By Margaret McKinney
New Mexico Highlands University’s remodeled Felix Martinez building was certified as LEED Gold, a high-level measure of green building practices in areas like water conservation, energy efficiency, recycling construction debris, and using recycled materials for construction.
LEED stands for Leadership in Energy and Environmental Design. The U.S. Green Building Council awards LEED certification to a building that qualifies based on data collected from a year of usage after it opens.
“LEED gold certification identifies New Mexico Highlands University’s Felix Martinez building as a pioneering example of sustainable design,” said Richard Fedrizzi, president and CEO for the U.S. Green Building Council.
The university remodeled the Felix Martinez building extensively and reopened it in July 2010 as a one-stop shop for student services. It was the first remodel of the Spanish colonial style building since its construction in 1983.
The Felix Martinez building at 800 University Ave. now houses the offices for student affairs, admissions, registrar, financial aid, academic support, student support services, career services, mental health services, and recruitment.
“The Felix Martinez renovation was done to increase usable square footage in the building, upgrade mechanical and electrical systems, and address deferred maintenance issues like roofing, flooring, painting and code compliance,” said Marisol Greene, the university’s director of facilities and planning. “The goal was to achieve all these upgrades within green building guidelines.”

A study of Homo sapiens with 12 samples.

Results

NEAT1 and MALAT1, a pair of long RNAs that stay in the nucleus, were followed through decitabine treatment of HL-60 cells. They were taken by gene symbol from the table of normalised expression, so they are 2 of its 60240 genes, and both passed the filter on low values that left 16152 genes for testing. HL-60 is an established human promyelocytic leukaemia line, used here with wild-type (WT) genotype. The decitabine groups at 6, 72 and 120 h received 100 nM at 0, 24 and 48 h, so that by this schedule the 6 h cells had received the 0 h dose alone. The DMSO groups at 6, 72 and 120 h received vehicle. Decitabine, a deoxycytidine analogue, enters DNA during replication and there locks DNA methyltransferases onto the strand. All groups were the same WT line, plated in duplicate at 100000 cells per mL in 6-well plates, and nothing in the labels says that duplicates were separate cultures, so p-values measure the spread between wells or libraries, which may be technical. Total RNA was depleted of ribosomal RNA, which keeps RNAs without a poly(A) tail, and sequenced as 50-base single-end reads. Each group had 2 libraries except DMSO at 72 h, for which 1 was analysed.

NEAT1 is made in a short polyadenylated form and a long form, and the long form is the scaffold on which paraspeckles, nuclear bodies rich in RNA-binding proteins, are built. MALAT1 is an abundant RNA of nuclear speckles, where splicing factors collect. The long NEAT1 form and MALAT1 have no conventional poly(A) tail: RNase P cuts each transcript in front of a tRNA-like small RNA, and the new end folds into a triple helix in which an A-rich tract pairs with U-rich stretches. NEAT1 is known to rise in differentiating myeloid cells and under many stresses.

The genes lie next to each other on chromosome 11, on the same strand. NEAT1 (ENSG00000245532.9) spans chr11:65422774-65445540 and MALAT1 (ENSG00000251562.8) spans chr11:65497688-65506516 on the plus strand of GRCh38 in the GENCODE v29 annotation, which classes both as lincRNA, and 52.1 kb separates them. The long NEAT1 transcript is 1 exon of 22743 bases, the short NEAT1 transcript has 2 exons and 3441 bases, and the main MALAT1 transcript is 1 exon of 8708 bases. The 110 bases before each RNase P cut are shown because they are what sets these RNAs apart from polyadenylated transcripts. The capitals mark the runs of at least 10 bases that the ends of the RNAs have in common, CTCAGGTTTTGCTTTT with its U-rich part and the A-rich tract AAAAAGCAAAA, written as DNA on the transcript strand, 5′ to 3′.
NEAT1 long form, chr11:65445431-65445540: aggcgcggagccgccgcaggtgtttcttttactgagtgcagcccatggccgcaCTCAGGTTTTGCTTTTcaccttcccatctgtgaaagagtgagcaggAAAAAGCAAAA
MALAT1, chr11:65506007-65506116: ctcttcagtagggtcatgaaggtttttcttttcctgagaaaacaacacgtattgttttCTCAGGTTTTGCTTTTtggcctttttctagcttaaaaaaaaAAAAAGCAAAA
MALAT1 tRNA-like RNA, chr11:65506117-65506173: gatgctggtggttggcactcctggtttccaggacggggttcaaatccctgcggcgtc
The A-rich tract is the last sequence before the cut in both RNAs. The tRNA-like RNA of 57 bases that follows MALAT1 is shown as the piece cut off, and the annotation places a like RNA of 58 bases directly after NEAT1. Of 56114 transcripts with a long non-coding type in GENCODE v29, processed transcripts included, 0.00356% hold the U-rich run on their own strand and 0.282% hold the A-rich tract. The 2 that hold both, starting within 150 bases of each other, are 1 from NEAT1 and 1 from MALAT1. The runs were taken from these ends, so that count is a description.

Greene said all new Highlands University construction and remodels for existing campus buildings are being done to LEED standards to reduce environmental impact and save energy.
In 2010, the university’s residence hall that opened in 2009 was the first in the state to be awarded LEED Silver certification.
Greene said one of the most important outcomes of the Felix Martinez remodel is how much water it conserves.
“The new water-efficient fixtures in the Felix Martinez building are meeting our goal of reducing water consumption by 30 percent in the building,” Greene said.
Some green building highlights logged for the Felix Martinez building in its first year include:
Energy costs were reduced by 20.4 percent through the new heating, ventilating and air conditioning system, sensors that turn off lights when they’re not in use, energy-efficient windows, and more.
In the restrooms alone, 65,428 gallons of water was conserved through installing dual-flush toilets, low-flow urinals, and ultra low-flow sinks.
That’s a 39. 7 percent annual reduction in water compared to conventional restroom fixtures.
A 30,000 gallon underground cistern was installed to harvest rainwater from the roofs of the Felix Martinez building and Rodgers Hall to irrigate drought-tolerant plants.
More than 1,600 tons of construction debris was recycled, meaning 95.2 percent of the debris was diverted from landfills.
Recycled materials made up 48.9 percent of the building remodel, including steel framing, doors and insulation, to name a few.
“The Facilities Department’s role in this Felix Martinez remodeling project was to assist with project management,” Greene said. “Capital projects manager Jorden Grimm played a particularly crucial role in maintaining green standards during construction and delivery.”
Franken Construction of Las Vegas was the general contractor for the Felix Martinez remodeling project. Studio Southwest Architects, Inc. of Santa Fe designed the remodel and Halcom Consulting, LLC of Albuquerque was the LEED consultant.